A veteran’s perspective on Afghanistan’s turmoil

Freshman English major Chris Matthews highlights what Biola students can do to help.

Hannah Dilanchyan, Opinions Editor

Staff Sgt. Chris Matthews grew up in Cleveland Heights, Ohio. After he graduated Cleveland Heights High School in 2004, he aspired to enlist in the Marine Corps. However, still alarmed after 9/11, his mother asked him to wait one year to be sure of his decision. He complied, but knew his mind would not change. In March 2006, Matthews joined the Marines, beginning a 13-year journey.

“As a whole, it was a great experience. It has me where I am today,” Matthews said.

He first deployed to Iraq, then landed in Afghanistan a few years later. He was there for eight months in 2011. Matthews shared his story on how God led him to Biola University, his experience in Afghanistan and what Biolans can do to help.

Why did you choose Biola University?

Chris Matthews: After serving, I was stationed at Camp Pendleton in 2016. In 2019, I medically retired after 13 years of service. I began school full-time at Saddleback College until the pandemic hit. During the pandemic, I realized I was passionate about writing. Everyone at my church spoke so highly of Biola and without having even been to the campus and knowing nothing about it, I applied and was accepted. It was definitely a God-driven move on my heart. I plan on achieving my bachelor’s degree in English with an emphasis in writing and would like to pursue a master’s degree, maybe at Biola!

What would you like to share with Biola students about your experience in Afghanistan?

Chris Matthews: It was my third or fourth time overseas. When I landed, I felt mentally prepared, even though it was still unknown. We had heavy engagements with the enemy much of the time so it was an interesting experience. I worked on a very small unit and bonded with the guys I was with. We would go on foot patrols with 12 of our own guys and the rest was supplied by Afghan military forces. Oftentimes, they would outnumber us and we would fight side by side. 

Chris Matthews: One of the big news headlines recently spoke somewhat negatively about the Afghan people and their lack of willingness to fight. That is an absolute lie. I have fought side by side with these men who put their lives, their families’ lives, on the line because they fought alongside American forces. It is extremely admirable. There has been fighting in Afghanistan since long before America was even a blip in someone’s eye. Their willingness to fight for themselves, their freedom, their rights and beliefs is extremely high. More than anything, I want to uplift those Afghan people who will still fight against the Taliban even though we’re gone. They should be held in high regard.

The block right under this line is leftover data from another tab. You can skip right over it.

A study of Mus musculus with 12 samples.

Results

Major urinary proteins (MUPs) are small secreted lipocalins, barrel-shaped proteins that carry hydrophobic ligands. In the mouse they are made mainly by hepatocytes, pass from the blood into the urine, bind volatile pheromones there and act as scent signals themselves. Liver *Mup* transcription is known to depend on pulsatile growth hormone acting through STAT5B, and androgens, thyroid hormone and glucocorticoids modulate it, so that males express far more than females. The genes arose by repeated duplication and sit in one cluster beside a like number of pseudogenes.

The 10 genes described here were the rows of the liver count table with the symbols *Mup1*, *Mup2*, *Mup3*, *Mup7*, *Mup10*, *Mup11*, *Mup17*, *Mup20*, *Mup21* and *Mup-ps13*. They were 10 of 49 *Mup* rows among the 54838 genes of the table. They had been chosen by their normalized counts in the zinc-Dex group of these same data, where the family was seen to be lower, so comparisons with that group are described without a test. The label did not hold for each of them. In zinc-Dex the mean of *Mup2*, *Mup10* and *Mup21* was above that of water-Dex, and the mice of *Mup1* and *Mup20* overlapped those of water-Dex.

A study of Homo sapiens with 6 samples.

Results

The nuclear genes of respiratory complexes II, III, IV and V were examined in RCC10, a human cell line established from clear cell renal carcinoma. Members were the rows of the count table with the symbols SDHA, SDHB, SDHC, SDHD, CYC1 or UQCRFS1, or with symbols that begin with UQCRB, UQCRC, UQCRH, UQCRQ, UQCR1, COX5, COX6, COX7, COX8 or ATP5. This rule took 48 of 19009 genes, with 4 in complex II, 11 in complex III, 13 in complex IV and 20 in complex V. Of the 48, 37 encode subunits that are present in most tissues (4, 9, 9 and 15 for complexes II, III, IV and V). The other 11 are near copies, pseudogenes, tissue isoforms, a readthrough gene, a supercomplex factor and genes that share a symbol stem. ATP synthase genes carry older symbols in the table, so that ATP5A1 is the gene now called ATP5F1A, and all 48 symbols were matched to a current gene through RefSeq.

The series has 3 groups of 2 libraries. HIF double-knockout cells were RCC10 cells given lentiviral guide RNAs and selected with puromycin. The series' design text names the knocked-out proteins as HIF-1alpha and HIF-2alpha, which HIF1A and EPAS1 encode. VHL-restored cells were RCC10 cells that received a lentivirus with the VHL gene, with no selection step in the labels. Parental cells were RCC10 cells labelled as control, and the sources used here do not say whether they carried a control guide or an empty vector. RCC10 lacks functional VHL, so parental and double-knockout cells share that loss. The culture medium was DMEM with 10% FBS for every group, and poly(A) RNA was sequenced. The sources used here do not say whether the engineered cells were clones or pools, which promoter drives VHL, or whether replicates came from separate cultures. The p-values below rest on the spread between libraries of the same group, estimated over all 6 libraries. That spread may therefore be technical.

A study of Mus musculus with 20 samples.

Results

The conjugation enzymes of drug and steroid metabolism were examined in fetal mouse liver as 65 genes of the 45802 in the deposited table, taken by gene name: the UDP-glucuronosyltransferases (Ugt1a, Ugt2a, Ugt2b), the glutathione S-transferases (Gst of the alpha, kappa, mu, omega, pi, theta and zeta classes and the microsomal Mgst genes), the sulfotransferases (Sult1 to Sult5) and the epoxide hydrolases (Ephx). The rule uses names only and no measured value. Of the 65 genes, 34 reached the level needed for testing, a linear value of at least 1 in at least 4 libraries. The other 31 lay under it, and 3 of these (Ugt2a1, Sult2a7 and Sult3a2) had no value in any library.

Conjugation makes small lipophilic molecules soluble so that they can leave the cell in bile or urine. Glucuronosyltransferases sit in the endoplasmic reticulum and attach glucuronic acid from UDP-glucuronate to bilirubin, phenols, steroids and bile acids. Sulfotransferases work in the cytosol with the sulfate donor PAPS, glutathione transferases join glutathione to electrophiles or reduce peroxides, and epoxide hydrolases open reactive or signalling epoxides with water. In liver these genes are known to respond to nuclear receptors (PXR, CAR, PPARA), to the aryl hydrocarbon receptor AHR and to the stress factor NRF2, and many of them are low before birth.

Chris Matthews: Afghanistan is quite large. When they find fighters or translators, they move them across the country—away from their families. They are uprooted from their homes so they can help fight the Taliban. 

What are your thoughts on the Taliban takeover of Afghanistan and the U.S. leaving? 

Chris Matthews: It’s sad. We need to pray and hand it over to the Lord. Pray for the women and children first. We have been in Afghanistan for 20 years, so it is possible many of the young adults were born while there was an Afghan-democratic government which means the women were allowed to go to school. There are children who do not know what the reign of the Taliban is like. The level of great change… we can all feel that. Imagine going to school for 16 years and now you can’t, or you could die. 

Chris Matthews: Beyond that, it was a poorly executed plan. A majority of Amerians will agree that war is bad, especially a continual war. But you don’t just drop everything and leave. That’s frustrating. We left billions of dollars worth of equipment there. We just armed the enemy with how much we left behind—small arms, aircraft, armored personnel carriers—we have never done that before.

Chris Matthews: I had friends who were at the Kabul airport those last few days. They were there when the [improvised explosive device] went off. One of the guys lost his wife there. All that happened right before my first week at Biola. Even though I have been retired now for nearly three years, it made school feel different for me. My attendance at Biola has more of a weight to it. I am no longer serving in that way, but people still are. I feel like I need to lift them up by doing my best at the things I have been given because of my service and their continued service for our country. 

How are veterans affected by current events? 

Chris Matthews: It is extremely difficult. A common theme is to reach out to those who have been there. It is also my duty to connect with others. It is important to reach out to each other and say “hey man, I’m here if you need anything.” You do not need to offer solutions, but offer the space for them to share their hearts. Like it says in James, be slow to speak and quick to listen. 

In what ways can Christians come alongside those in Afghanistan, veterans, and those still serving during this time?

Chris Matthews: First and foremost, through prayer. Pray for those who are hurting, in pain and for ourselves to be understanding with the unknown. Secondly, truth— that Christ crucified is what we need. That is what we pray for everyone in the world. Then, revival. How awesome would it be to have a revival of Christianity for the people in Afghanistan? It has happened before and God can do miraculous things. Students should stay away from the political back and forth because we are dealing with pain. Focus on prayer, truth and revival. 

Chris Matthews: If anyone has a question, I am more than willing to answer them! We need more people who are willing to be open about our experience. I will be your sounding board.